Power Play over Power Plant Effluent

Oct. 1, 2009
Just in time for our Power-Gen International preview issue, the U.S. Environmental Protection Agency kicks out two new items ...


Just in time for our Power-Gen International preview issue, the U.S. Environmental Protection Agency kicks out two new items sure to keep the industry talking through December. That’s good since the PennWell event is Dec. 8-10 in Las Vegas (see product preview, p. 37).

The first item involves a move to revise effluent guidelines for steam electric power generating facilities, i.e., coal-fired plants, announced Sept. 15. It’s based on a multi-year study of power plant wastewater discharges the agency completed earlier this year and published in August, noting current regulations – issued in 1982 – haven’t kept pace with changes in the industry over three decades. Many toxic pollutants discharged from these power plants come from coal ash ponds (see related story, p. 14) and FGD systems used to scrub sulfur dioxide from air emissions.

Figure 1. Territory size shows the proportion of all water for industrial purposes used there, 1987 to 2003.

The second involves a judicial ruling in July in Riverkeeper Inc. v. EPA, in response to which the agency suspended cooling water intake structure regulations – under Phase II Rule - CWA §316(b) promulgated in 2004 – for existing large power plants due to the 2nd Circuit Court of Appeals decision. This really just formalizes an EPA move in March 2007 due to earlier action in the case, according to a memo from former EPA Assistant Administrator Ben Grumbles that instructs regulators to use their “best professional judgment” regarding related permits for all Phase II facilities. In fact, that same memo is posted with the July announcement on the EPA Cooling Water Intake Structures webpage. So, it’s really back to status quo until a new proposal is presented.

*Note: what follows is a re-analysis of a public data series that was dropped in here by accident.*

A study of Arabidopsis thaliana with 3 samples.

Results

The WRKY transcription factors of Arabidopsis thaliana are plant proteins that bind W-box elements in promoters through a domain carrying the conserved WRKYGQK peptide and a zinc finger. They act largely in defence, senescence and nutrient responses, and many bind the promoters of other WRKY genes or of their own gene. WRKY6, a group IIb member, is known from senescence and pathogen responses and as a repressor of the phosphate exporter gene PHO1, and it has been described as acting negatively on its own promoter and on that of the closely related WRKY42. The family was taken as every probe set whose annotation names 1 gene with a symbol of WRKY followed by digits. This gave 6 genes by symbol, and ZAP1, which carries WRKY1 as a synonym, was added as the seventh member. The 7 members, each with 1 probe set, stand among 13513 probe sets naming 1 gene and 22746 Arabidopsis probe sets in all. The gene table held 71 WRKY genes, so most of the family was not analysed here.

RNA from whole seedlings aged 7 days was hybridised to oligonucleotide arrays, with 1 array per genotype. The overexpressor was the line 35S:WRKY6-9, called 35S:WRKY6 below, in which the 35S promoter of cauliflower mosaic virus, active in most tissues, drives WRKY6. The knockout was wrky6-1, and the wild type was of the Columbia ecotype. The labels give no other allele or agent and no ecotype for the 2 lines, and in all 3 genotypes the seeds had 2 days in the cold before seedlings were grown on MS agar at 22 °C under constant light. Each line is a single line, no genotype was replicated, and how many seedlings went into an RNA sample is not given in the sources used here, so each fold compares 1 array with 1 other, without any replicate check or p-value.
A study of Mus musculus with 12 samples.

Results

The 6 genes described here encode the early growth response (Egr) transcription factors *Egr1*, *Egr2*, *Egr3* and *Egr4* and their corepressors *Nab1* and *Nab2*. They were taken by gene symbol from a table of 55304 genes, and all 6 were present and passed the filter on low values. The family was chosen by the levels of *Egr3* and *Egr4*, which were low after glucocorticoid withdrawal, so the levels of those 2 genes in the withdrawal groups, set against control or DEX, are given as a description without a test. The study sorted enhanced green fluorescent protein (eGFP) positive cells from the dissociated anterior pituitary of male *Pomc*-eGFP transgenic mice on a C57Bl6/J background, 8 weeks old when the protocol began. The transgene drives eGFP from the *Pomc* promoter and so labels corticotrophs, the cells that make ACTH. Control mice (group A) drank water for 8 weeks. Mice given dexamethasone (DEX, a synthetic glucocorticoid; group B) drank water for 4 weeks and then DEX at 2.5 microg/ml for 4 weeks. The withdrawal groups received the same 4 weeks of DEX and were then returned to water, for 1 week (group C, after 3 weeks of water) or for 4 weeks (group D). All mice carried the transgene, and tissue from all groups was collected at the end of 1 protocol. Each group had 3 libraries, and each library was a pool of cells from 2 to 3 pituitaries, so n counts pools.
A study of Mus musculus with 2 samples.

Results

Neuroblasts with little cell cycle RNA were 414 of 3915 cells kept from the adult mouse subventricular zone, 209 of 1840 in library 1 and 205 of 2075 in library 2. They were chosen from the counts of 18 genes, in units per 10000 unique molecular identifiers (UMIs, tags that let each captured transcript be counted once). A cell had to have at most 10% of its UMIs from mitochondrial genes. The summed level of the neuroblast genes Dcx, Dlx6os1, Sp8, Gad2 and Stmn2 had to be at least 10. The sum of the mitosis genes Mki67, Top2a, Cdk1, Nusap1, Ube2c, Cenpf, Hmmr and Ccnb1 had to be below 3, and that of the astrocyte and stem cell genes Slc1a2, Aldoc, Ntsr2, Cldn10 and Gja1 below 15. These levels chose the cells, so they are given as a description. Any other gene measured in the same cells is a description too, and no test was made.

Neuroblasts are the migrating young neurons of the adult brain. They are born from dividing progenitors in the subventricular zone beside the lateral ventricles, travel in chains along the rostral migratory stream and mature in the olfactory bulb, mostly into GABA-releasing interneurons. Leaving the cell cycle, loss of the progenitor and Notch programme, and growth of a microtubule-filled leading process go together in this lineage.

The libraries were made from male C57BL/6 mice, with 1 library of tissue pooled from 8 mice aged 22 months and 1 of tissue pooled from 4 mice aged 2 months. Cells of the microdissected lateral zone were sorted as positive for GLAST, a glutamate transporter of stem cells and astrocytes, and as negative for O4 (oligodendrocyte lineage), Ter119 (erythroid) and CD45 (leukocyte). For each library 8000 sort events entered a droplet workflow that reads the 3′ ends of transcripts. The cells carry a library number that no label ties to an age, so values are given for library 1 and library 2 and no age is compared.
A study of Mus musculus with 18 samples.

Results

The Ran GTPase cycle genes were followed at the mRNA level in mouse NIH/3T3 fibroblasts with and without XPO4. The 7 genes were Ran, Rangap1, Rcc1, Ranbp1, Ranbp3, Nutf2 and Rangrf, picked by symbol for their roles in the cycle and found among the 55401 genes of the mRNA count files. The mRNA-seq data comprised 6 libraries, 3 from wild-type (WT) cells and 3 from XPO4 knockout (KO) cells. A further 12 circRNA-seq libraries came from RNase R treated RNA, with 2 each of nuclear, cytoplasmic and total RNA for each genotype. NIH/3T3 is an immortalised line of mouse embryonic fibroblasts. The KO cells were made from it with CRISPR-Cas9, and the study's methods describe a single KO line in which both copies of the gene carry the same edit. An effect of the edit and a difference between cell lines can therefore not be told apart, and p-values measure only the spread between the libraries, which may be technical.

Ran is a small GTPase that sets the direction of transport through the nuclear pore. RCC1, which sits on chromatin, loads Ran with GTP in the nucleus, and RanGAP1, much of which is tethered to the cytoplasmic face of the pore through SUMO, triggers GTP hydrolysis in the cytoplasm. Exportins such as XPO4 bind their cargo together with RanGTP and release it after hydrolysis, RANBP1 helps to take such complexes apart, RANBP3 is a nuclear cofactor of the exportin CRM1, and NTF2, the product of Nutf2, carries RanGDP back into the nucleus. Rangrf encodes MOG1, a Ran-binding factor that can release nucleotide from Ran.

Figure 2. . Industrial water use in cubic meters, annual average per person, 1987-2003 – on average 665 billion m³/year, or twice that for domestic use.

It should be noted the power industry uses some 80 trillion gallons of water a year to cool equipment, or about four times the water in the Chesapeake Bay – which former Waterkeeper Alliance president Steve Fleischli points out at HuffingtonPost.com in a Sept. 12 column entitled: “Power Plants Don’t Have to Suck (Literally)”. That’s not to say Fleischli wants us to go back to the dark ages. Instead, he and Riverkeeper have been arguing power plants should be required to employ closed-cycle cooling loops and advanced intake systems that recirculate water and would reduce fish mortality by 95% – instead of older once-through cooling water systems. He adds the California State Water Resources Control Board is considering mandating phase-out of such “antiquated” once-through technology. But, bear in mind, Riverkeeper lost in an effort to force this through last fall in Entergy Corp. v. Riverkeeper Inc., et al., in which it was considered too limiting of “best technology” choices.

Still, as illustrated in a map and bar chart on this page from www.worldmapper.org, North America is by far the largest consumer of water for industrial use worldwide – with China rapidly gaining ground. And with the largest U.S. cooling water user, NJ’s Salem Nuclear Plant, drawing over 3 billion gallons a day and killing an estimated 845 million fish in Delaware Bay a year, it’s easy to see how a little progress on the topic could make a significant positive impact on the environment, climate change – and water industry professionals specializing in this area of expertise.